Little reason to intentionally walk Ichiro

Again, it’s what most managers would have done. It was undeniably the wrong strategy, though.
Ichiro is, of course, the game’s best singles hitter. If Johnson had been on third, rather than second, than walking Ichiro probably would have been good idea. It also might have been justifiable with one out, as it would have set up a double play. With two outs, it was an awful idea.
Ichiro entered the day with 489 career plate appearances with a runner at second and no one else on. In those, he had been intentionally walked 70 times. In his 384 official at-bats, he had 142 hits, good for an exceptional .370 average.
Yet, those 142 hits had plated all of 73 runs. 124 of them were singles, many of the infield variety. With the catcher running, it’s pretty unlikely that an Ichiro single would have scored a run.
Figgins, on the other hand, had 196 career at-bats with men on first and second and knocked in 46 runs. Not an exceptional rate by any means, but still significantly better than Ichiro’s with merely the man on second. And this wasn’t a situation in which one run would have ended the game. The A’s made it far more likely that the Mariners would score multiple runs with their strategy.
And that’s exactly what happened. Figgins hit what should have been an inning-ending grounder to third, but Kevin Kouzmanoff, who had an absolutely horrible game in his A’s debut, made a wild throw and everyone was safe. Casey Kotchman followed with a two-run single to make it a 5-3 game.
So, yeah, maybe the luck was even worse than the strategy. But Geren made the wrong call and paid dearly.

Dominican Journalist Reports that Yordano Ventura was robbed as he lay dying

CHICAGO, IL - MAY 22:  Starting pitcher Yordano Ventura #30 of the Kansas City Royals delivers the ball against the Chicago White Sox at U.S. Cellular Field on May 22, 2016 in Chicago, Illinois.  (Photo by Jonathan Daniel/Getty Images)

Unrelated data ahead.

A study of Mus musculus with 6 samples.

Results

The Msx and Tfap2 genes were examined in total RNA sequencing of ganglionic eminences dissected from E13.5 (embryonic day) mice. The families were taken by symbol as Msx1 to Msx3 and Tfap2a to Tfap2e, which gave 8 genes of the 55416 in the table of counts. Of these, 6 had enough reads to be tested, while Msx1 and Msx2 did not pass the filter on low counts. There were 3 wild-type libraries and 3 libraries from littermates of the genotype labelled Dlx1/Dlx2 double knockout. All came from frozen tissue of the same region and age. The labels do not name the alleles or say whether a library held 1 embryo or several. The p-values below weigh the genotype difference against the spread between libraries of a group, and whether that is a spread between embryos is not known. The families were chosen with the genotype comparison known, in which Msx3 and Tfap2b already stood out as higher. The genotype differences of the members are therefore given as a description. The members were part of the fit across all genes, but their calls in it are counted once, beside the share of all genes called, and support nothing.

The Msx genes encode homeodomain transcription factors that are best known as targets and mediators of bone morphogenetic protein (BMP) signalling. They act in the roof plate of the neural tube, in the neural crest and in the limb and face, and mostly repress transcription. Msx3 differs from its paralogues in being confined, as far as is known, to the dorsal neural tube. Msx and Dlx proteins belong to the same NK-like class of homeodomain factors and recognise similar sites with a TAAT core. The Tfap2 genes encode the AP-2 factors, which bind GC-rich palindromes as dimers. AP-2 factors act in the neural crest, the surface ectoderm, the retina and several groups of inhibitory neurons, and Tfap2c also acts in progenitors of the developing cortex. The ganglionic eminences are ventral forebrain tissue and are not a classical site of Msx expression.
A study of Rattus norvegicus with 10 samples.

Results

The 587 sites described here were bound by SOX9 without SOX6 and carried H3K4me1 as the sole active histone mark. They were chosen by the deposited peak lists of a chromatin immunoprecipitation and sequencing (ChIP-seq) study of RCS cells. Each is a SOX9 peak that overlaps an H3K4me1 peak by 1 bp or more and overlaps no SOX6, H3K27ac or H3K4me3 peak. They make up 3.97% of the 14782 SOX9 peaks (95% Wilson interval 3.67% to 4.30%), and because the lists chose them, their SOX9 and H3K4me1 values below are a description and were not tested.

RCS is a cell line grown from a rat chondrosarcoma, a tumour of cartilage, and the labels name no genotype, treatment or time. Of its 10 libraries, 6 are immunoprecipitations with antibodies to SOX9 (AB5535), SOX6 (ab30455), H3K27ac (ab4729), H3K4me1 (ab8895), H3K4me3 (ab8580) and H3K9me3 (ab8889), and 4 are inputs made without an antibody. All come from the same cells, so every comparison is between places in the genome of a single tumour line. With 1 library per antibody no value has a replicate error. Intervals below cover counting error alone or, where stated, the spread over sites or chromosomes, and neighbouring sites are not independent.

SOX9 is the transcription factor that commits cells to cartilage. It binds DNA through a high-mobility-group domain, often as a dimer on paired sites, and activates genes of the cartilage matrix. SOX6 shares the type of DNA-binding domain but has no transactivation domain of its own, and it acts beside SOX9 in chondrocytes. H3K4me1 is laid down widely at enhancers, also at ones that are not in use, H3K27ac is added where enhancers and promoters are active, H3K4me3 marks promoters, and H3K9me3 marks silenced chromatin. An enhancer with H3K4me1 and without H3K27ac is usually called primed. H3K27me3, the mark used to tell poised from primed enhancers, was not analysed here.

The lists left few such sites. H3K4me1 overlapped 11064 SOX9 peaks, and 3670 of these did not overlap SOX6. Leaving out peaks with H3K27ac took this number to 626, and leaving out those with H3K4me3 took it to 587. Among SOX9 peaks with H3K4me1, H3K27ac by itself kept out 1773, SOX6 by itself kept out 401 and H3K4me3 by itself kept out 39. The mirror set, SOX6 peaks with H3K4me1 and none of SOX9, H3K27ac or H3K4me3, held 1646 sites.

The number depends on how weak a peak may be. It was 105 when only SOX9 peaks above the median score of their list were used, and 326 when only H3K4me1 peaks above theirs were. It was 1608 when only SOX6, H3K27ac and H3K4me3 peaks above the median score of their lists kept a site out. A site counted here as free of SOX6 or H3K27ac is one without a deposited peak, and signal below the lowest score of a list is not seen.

The report comes from Dominican Republic journalist Euri Cabral, who made the claim on a radio station. His comments were picked up by Martinez, who tweeted about it in Spanish. The tweets, collected and translated by the Royals Review blog:

“How outrageous to know that a life like Yordano’s could have been saved had it not been that they looted him the way he was looted . . . Now it is more painful to know that Yordano remained alive after the accident and instead of someone to help him, they robbed him and let him die . . . I hope an investigation will be carried out, because if there is any specific evidence of this, I would feel a great deal of shame for my country.”

As for the state of details which are currently confirmed, Rustin Dodd and Maria Torres of the Kansas City Star report that Ventura crashed his Jeep after leaving an annual festival, losing control and hitting a guardrail in a mountainous area in foggy conditions. Ventura was not wearing a seatbelt at the time and was ejected from the vehicle.

Ventura’s family is said to be pushing for further investigation and clarification as to Cabral’s claims. We will obviously followup with anything Dominican authorities say on the matter.

Cubs sign Brett Anderson to a $3.5 million deal

Brett Anderson

Anderson, 28, has only made a total of 53 starts and 12 relief appearances over the past five seasons due to a litany of injuries. This past season, he made just three starts and one relief appearance, yielding 15 runs on 25 hits and four walks with five strikeouts in 11 1/3 innings. The lefty dealt with back, wrist, and blister issues throughout the year.

When he’s healthy, Anderson is a solid arm to have at the back of a starting rotation or in the bullpen. The defending world champion Cubs aren’t risking much in bringing him on board.